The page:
By Matthew Elliott, Contributing Reporter
RIO DE JANEIRO, BRAZIL – It was confirmed Thursday that the Human Rights Commission of the Brazilian Order of Lawyers will be in charge of defending the three members of the Black Bloc protest group arrested this week. The self-styled anarchist group has been accused of inciting violence and creating an armed gang during the protests that have gripped the country since June.
Five individuals were arrested during an operation initiated by the Repression of Computer Crimes Unit and conducted by the Civil Police on Wednesday.
Two minors facing charges have since been released while three adults remain in custody. Administrators of the group’s Facebook page, the three have been charged with inciting violence and armed conspiracy.
The Human Rights Commission, which brings together professional volunteers who support members of demonstrations, will be following the case closely.
“We will now analyze the whole process, all the probationary evidence for the judiciary to take reasonable steps: suspended imprisonment or habeas corpus, which is necessary to guarantee their defense,” said Carlos André Viana, a representative of the Commission.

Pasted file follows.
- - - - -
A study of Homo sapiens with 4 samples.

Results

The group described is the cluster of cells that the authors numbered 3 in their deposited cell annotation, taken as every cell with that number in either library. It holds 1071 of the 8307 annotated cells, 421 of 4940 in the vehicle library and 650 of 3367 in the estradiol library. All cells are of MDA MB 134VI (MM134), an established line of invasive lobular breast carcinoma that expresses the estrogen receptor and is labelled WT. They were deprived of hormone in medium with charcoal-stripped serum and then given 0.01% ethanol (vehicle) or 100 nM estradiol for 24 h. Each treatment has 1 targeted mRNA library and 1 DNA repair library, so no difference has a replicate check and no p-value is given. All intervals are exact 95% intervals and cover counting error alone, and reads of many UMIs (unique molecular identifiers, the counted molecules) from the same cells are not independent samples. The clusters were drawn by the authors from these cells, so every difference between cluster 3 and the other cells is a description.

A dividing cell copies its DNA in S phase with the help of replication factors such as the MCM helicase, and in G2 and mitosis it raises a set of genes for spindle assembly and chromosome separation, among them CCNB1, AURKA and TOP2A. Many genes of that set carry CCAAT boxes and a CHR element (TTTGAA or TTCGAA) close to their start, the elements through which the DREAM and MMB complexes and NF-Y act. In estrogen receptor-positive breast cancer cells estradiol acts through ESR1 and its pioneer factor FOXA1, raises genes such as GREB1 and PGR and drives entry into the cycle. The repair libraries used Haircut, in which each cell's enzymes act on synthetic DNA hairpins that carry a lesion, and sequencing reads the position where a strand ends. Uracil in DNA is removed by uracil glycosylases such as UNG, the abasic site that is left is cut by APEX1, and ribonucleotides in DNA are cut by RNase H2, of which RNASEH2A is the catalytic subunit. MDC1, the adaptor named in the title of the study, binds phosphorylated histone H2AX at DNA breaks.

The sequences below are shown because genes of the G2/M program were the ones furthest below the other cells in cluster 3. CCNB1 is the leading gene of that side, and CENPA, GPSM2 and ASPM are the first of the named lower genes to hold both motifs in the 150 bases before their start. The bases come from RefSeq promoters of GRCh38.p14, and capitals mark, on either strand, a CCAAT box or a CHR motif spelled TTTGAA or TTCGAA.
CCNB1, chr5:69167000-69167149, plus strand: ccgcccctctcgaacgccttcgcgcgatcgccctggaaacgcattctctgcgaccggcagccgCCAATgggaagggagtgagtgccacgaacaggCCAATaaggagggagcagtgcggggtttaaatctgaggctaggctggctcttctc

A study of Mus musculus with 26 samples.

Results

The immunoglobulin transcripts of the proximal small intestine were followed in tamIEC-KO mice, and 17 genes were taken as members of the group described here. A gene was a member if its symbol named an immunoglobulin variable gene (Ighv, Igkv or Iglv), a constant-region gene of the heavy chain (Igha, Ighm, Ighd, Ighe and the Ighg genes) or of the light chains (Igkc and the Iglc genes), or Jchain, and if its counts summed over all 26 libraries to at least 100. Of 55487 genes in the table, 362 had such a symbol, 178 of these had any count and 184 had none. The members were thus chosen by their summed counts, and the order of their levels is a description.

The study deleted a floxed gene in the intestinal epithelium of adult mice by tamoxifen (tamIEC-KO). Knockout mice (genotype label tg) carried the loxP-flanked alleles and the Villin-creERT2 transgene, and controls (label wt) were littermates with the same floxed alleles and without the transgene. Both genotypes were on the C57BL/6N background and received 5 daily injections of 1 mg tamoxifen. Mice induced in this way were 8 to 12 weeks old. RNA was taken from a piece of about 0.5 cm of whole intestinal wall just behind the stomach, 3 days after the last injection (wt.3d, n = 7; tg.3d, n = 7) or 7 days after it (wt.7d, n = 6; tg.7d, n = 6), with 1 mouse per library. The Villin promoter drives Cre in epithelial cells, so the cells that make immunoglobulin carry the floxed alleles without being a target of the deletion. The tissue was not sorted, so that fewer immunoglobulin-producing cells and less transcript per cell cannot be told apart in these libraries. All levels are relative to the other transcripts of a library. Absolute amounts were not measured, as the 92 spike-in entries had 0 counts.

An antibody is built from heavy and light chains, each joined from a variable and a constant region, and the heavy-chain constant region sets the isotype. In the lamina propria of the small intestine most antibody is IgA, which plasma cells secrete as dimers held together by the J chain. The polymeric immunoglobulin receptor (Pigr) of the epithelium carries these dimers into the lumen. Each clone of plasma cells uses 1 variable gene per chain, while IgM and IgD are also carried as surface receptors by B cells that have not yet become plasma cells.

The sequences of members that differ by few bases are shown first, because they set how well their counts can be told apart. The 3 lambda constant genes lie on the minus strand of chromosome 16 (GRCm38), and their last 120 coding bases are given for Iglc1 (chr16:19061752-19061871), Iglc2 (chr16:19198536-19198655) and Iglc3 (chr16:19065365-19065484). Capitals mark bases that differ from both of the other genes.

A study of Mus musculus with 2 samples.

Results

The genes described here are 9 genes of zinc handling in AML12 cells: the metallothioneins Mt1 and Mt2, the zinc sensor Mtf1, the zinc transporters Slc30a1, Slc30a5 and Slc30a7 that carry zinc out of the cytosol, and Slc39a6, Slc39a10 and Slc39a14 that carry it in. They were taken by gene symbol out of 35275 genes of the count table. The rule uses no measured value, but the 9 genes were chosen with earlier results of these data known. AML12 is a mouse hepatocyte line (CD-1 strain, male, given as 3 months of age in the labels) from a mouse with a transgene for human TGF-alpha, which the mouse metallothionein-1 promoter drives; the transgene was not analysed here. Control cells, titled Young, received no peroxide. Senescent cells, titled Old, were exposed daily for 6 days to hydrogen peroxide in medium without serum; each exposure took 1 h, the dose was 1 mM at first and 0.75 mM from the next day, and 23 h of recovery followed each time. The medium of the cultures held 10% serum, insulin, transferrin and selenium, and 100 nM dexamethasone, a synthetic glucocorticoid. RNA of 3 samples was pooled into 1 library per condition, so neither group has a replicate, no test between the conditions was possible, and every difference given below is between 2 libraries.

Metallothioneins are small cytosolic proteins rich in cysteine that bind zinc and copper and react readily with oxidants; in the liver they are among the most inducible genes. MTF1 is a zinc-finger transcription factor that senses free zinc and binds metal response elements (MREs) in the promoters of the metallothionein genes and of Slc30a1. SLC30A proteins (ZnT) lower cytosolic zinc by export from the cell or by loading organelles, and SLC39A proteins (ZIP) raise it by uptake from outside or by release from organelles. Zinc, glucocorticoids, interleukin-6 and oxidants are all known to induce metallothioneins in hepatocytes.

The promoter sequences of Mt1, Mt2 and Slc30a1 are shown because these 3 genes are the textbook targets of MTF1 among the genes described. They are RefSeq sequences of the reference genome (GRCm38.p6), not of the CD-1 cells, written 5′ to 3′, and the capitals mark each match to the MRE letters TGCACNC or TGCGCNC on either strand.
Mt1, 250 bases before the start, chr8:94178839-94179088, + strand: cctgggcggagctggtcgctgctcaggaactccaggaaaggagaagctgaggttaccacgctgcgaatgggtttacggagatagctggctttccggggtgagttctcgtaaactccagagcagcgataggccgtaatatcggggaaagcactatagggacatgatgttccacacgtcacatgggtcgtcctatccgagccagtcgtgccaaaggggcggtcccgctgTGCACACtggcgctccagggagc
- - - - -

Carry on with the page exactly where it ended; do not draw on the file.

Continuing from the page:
The three allged Black Bloc members have denied the charges, while admitting involvement in the protests. Key to the prosecution are messages posted on the group’s Facebook page, including one video that shows how to create makeshift weapons.
“I believe that they used this perforated instrument with multiple points known as ‘alligator’ or ‘hedgehog’ made with nails on the tips and can injure protestors, journalists and police. On the Internet there is a post asking for each person to make ten of these instruments. The Civil Police maintains that they are inciting violence. For this reason they will be considered an armed gang.” said Martha Rocha, chief of the Civil Police.
She also voiced concerned about a planned protest by the group this Saturday on Brazilian independence day.
Although more sporadic and localized since their eruption in June over rising bus fares and corruption, among others, the protests continue to affect Brazilian politics. Demonstrations have often turned violent with both police and protesters accused of initiating clashes.